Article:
Guest / Limited Access /

The Establishment Clause is usually in the thick of church-state battles. But the failed attempts this year by Georgia and Florida legislatures to repeal their states' Blaine Amendments highlighted another longstanding battlefront.

Passed shortly after the Civil War, Blaine Amendments prohibit government funds from flowing to religious or sectarian groups. Originally meant to limit Catholicism's influence, they are now used to restrict religious groups when appeals to the Constitution's ban on establishing religion don't work.

Cases brought under the Blaines often involve restricting how school vouchers are spent. A Florida appeals court ruled in 2004 that a voucher program violated the Blaine Amendment because it allowed public money to indirectly benefit religious schools. Last year, Arizona ended a state scholarship program for special-needs students to attend private schools of their parents' choosing.

The Supreme Court green-lighted such decisions in 2004 when it ruled in Locke v. Davey that the government can deny students a state-funded scholarship for majoring in theology.

But most Blaine Amendments carry much broader restrictions if they are interpreted literally.

A case currently before a Florida court involves two Christian nonprofits that contract with the state to operate halfway homes for substance abusers. The Council for Secular Humanism is suing Lamb of God Ministries, Prisoners of Christ, and the state under Florida's Blaine Amendment. The council claims that the nonprofits are proselytizing through programs operated in part using state funds.

But defenders say that under a literal reading of the Blaines, state contracts would be stripped from historic charitable monoliths like the Salvation Army or Catholic ...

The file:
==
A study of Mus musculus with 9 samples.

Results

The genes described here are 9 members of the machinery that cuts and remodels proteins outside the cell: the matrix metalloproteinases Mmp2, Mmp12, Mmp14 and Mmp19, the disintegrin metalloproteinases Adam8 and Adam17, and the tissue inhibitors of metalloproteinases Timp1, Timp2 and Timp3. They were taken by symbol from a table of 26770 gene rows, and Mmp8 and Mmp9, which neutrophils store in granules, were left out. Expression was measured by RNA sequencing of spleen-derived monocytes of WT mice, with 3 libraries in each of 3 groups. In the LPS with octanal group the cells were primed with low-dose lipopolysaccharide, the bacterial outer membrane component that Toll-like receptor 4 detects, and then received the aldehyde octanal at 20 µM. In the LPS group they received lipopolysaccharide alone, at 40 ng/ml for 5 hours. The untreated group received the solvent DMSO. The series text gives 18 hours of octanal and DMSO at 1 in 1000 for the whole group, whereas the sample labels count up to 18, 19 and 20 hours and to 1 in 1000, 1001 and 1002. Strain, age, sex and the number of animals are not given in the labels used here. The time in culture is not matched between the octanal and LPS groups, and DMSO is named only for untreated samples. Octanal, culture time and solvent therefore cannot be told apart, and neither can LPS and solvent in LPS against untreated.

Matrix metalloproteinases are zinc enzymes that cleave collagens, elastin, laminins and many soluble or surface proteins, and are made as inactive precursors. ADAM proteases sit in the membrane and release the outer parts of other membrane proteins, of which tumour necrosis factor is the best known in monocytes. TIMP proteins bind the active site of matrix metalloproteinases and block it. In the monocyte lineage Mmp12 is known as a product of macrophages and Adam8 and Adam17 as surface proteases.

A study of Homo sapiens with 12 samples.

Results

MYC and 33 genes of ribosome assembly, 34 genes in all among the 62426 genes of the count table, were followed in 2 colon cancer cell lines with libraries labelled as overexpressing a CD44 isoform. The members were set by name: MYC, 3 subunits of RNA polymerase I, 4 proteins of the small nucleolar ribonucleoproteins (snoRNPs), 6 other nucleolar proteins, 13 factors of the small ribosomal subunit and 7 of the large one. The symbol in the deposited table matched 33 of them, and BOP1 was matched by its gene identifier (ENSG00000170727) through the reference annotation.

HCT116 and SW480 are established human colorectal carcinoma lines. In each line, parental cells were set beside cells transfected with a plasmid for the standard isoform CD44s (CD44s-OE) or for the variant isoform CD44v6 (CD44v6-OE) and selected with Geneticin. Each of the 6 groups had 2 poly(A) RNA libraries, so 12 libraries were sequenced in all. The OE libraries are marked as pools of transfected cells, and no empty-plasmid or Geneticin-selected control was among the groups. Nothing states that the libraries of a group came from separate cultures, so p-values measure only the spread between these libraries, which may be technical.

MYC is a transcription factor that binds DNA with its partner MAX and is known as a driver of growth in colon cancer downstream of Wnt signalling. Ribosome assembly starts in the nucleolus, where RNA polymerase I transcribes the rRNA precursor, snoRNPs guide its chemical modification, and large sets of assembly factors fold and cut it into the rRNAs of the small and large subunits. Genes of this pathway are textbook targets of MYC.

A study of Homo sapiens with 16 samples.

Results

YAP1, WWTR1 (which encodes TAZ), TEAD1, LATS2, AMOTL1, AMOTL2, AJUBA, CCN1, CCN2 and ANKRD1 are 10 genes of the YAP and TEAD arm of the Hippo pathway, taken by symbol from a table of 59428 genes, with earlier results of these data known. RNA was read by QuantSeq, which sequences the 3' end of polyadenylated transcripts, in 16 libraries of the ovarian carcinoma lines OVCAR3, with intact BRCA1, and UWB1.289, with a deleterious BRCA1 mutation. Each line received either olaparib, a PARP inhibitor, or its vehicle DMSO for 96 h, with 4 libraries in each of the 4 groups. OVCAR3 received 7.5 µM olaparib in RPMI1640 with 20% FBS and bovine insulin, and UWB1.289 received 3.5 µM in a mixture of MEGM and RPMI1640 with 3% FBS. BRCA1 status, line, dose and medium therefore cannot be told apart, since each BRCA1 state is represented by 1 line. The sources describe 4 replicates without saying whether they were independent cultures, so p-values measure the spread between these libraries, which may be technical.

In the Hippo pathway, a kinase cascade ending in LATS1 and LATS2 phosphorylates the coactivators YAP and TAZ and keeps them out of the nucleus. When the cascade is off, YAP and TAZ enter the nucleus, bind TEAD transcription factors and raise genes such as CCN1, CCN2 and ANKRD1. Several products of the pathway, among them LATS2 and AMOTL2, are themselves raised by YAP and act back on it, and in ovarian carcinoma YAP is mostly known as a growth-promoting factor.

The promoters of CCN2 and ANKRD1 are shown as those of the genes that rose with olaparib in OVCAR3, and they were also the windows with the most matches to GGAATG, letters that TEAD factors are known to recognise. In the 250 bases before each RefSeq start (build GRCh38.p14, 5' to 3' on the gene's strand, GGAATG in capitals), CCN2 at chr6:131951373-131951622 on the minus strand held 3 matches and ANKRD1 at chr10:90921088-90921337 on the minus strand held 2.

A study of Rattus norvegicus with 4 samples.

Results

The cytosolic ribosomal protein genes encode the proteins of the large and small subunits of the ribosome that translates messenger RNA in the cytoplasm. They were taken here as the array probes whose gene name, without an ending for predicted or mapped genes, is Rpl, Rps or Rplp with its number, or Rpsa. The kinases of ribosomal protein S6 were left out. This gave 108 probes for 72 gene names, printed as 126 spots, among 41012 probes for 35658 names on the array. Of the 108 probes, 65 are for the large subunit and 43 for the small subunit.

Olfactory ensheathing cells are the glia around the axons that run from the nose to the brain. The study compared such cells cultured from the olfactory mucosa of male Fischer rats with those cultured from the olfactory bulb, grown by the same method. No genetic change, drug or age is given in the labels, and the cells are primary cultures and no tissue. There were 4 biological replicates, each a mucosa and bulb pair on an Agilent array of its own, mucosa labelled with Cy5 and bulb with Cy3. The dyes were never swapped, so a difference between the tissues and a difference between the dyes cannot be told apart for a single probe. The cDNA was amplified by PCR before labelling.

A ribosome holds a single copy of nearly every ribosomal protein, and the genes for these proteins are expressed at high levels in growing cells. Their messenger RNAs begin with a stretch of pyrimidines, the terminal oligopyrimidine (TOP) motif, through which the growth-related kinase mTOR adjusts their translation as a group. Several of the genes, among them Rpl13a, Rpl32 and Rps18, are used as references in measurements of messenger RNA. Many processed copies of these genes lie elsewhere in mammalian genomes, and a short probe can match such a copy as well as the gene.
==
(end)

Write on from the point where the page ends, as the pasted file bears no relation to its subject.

Subscriber access only You have reached the end of this Article Preview

To continue reading, subscribe now. Subscribers have full digital access.

Support Christian thought journalism. Donate to our nonprofit ministry today.
Read These NextSee Our Latest
Current IssueWho Awaits the Messiah Most? Muslims
Subscriber Access Only
Who Awaits the Messiah Most? Muslims
Islam and Christianity share Second Coming hopes. Can this be a bridge?
Recommended‘Worst Year Yet’: The Top 50 Countries Where It’s Hardest to Be a Christian
‘Worst Year Yet’: The Top 50 Countries Where It’s Hardest to Be a Christian
Islamic extremism now has a rival, according to 2017 World Watch List.
TrendingCompassion Has 'Very Little Hope' for India, Sets Deadline to Shut Down Sponsorships
Compassion Has 'Very Little Hope' for India, Sets Deadline to Shut Down Sponsorships
About 145,000 children have already lost its assistance with food, education, and health care.
Editor's PickThe Church’s Integrity in the Trump Years
The Church’s Integrity in the Trump Years
It begins by recognizing the name above every name.
Christianity Today
Blaine Blind Spot
hide thisAccess The Archives

In the Archives

September 2010

To continue reading, subscribe now for full print and digital access.